Forage grasses and nutrient cycling

Sustainable agricultural production aims at maximum cycling of e.

g. energy and nutrients in food production systems. Term sustainable intensification of agricultural production is used to describe all attempts to decrease the use of unrenewable resources in food production. One important aspect of sustainable intensification is efficient nutrient cycling. This results in changes in management practices such as increased use of organic fertilizers (for example slurry) where nutrients are mainly bound in organic molecules influencing the bioavailability of nutrients.

Our interest has been on selenium cycle in agroecosystem. This is due to the fact that soils in Finland are deficient in Se causing health problems to animals and humans that are consuming locally produced food and feed. Selenium is recognized as an essential microelement for humans and animals, mainly due to its antioxidative properties and health benefits such as improved immune system and reduced cancer risk. For plants, Se is not recognized as an essential micronutrient, but there is increasing evidence that Se has beneficial effects on plant growth. Selenium is mainly circulated to the food chain via crop plants and feed, the Se concentrations of which are dependent on the Se level of the soil. In Finland the agricultural soils are low in Se and thus, the daily intake of Se by humans is naturally low. To ensure the well-being of humans and animals, Se has been added to fertilizers for over 20 years in Finland, and this has successfully increased the daily Se intake of Finns to an adequate level. The bioavailability of applied Se decreases rapidly, so annual Se application is required. Selenium balance, that is, the ratio between plant Se uptake and rate of application, is low and therefore we have studied the fate of fertilizer selenium in the fields. We have compared crop species (Brassica, wheat, forage grasses and legumes) in their Se uptake and translocation efficiency of leaf Se into seeds and found out that forage grasses are superior in selenium uptake and circulation of Se in food chain. Majority of fertilizer Se is returned to field ecosystems via plant residue or manure. Our results show, however, that Se in these sources is not bioavailable to crops and thus annual inorganic Se addition is required also in the future. Selenium can have also some beneficial effects on plant growth. We observed enhanced activity of enzyme on carbon metabolism (fru 1,6 bis-phosphatase) in Se treated alfalfa plants resulting in higher soluble sugar and starch accumulation in these plants.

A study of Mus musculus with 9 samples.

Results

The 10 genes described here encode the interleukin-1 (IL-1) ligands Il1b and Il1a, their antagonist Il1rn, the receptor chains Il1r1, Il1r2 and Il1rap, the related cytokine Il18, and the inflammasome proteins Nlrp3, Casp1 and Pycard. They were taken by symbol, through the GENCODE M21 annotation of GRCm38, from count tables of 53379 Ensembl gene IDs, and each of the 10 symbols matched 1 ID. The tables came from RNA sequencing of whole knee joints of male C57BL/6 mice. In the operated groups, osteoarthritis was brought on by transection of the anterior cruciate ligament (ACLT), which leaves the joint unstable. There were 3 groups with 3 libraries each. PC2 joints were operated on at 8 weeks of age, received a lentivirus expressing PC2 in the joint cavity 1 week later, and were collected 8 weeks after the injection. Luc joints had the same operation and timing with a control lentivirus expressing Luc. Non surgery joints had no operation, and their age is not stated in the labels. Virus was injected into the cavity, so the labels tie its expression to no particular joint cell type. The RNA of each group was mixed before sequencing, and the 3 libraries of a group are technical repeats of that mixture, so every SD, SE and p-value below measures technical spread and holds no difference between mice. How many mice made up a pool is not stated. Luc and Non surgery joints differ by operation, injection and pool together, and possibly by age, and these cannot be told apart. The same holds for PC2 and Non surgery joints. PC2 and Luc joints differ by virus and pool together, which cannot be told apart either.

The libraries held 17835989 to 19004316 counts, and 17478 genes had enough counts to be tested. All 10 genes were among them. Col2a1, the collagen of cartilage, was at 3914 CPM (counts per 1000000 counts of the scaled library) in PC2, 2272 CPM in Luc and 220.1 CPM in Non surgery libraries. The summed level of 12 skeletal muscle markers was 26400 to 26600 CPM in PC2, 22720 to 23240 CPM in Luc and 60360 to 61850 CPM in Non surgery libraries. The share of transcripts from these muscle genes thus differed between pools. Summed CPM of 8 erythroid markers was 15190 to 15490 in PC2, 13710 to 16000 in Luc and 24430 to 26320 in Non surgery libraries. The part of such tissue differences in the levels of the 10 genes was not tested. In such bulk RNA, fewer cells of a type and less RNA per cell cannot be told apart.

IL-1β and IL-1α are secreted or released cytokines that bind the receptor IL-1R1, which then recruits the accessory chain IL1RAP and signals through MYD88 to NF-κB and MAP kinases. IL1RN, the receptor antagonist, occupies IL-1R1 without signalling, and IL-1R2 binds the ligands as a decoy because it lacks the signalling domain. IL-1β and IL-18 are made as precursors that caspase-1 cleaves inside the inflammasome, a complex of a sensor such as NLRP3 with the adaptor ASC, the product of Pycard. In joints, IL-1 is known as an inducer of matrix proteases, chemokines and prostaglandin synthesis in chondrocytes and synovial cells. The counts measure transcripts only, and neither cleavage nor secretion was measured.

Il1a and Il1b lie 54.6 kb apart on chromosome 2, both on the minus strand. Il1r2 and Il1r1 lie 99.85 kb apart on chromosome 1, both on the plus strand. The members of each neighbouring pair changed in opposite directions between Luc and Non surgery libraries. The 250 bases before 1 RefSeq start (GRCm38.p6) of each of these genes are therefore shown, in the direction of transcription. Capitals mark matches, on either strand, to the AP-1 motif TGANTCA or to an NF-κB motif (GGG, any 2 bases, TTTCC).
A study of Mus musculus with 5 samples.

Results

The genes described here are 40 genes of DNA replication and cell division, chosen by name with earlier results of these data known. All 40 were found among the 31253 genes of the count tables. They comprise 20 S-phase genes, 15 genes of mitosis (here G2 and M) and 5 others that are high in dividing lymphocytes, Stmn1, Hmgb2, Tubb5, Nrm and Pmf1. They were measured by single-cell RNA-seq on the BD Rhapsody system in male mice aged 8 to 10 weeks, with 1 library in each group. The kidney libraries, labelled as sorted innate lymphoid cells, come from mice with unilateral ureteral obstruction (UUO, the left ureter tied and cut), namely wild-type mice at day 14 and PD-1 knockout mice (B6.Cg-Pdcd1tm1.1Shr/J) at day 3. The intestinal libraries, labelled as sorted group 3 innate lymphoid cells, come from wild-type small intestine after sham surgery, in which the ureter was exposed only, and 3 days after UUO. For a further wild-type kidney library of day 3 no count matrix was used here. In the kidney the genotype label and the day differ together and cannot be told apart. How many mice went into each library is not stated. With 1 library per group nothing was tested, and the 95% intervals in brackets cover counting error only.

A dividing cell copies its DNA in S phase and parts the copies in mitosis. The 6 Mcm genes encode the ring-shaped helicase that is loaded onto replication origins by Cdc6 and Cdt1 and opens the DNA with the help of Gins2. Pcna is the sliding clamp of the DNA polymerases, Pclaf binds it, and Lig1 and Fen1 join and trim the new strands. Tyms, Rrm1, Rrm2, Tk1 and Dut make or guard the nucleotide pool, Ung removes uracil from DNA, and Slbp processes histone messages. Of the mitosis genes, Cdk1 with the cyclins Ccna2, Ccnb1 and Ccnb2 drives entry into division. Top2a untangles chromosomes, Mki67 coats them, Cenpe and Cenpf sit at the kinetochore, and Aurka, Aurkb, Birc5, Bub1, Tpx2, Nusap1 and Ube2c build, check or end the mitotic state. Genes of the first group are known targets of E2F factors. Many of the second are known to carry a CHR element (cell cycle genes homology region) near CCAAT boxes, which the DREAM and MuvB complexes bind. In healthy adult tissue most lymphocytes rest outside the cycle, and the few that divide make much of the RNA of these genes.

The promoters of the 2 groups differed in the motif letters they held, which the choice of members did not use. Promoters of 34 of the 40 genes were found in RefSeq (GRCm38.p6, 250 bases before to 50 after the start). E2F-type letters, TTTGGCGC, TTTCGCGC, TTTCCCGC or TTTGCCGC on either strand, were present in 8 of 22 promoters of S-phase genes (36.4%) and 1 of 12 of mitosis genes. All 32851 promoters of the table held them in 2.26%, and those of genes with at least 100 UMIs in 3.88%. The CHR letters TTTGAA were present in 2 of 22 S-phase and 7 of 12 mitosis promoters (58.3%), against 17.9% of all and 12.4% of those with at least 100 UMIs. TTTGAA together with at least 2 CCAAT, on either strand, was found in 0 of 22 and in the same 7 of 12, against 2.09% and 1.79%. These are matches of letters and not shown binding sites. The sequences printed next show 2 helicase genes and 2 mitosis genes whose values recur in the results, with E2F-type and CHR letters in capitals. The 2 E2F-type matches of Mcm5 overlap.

Ebrahimi N., Hartikainen H., Simojoki A., Hajiboland R. and Seppänen M.M. 2015. Dynamics of dry matter and selenium accumulation in oilseed rape (Brassica napus L.) in response to organic and inorganic selenium treatments. Agricultural and Food Science 24:104-117.

Owusu-Sekyere, A. , Hajiboland, R. ,Konturi, J. Ebrahimi, N.,Hartikainen, H., Seppänen, M.M 2013. Influence of selenium (Se) on carbohydrate metabolism, nodulation and growth in alfalfa (Medicago sativa L.). Plant and Soil 373 (1):541-552.

Seppänen, M.M., Kontturi, J., Lopez Heras I, Madrid Y, Camara C, Hartikainen H. 2010. Agronomic biofortification of Brassica with Selenium – enrichment of SeMet and its identification in Brassica seeds and meal. Plant and Soil 337:273–283. DOI 10.1007/s11104-010-0523-y.

Seppänen 2015. Selenium cycle in field ecosystem. Report for the Ministry of Agriculture and Forestry19 p.

Holopainen, E. 2015. The impact of livestock protein feed in intake of trace elements. MSc thesis, 70 p.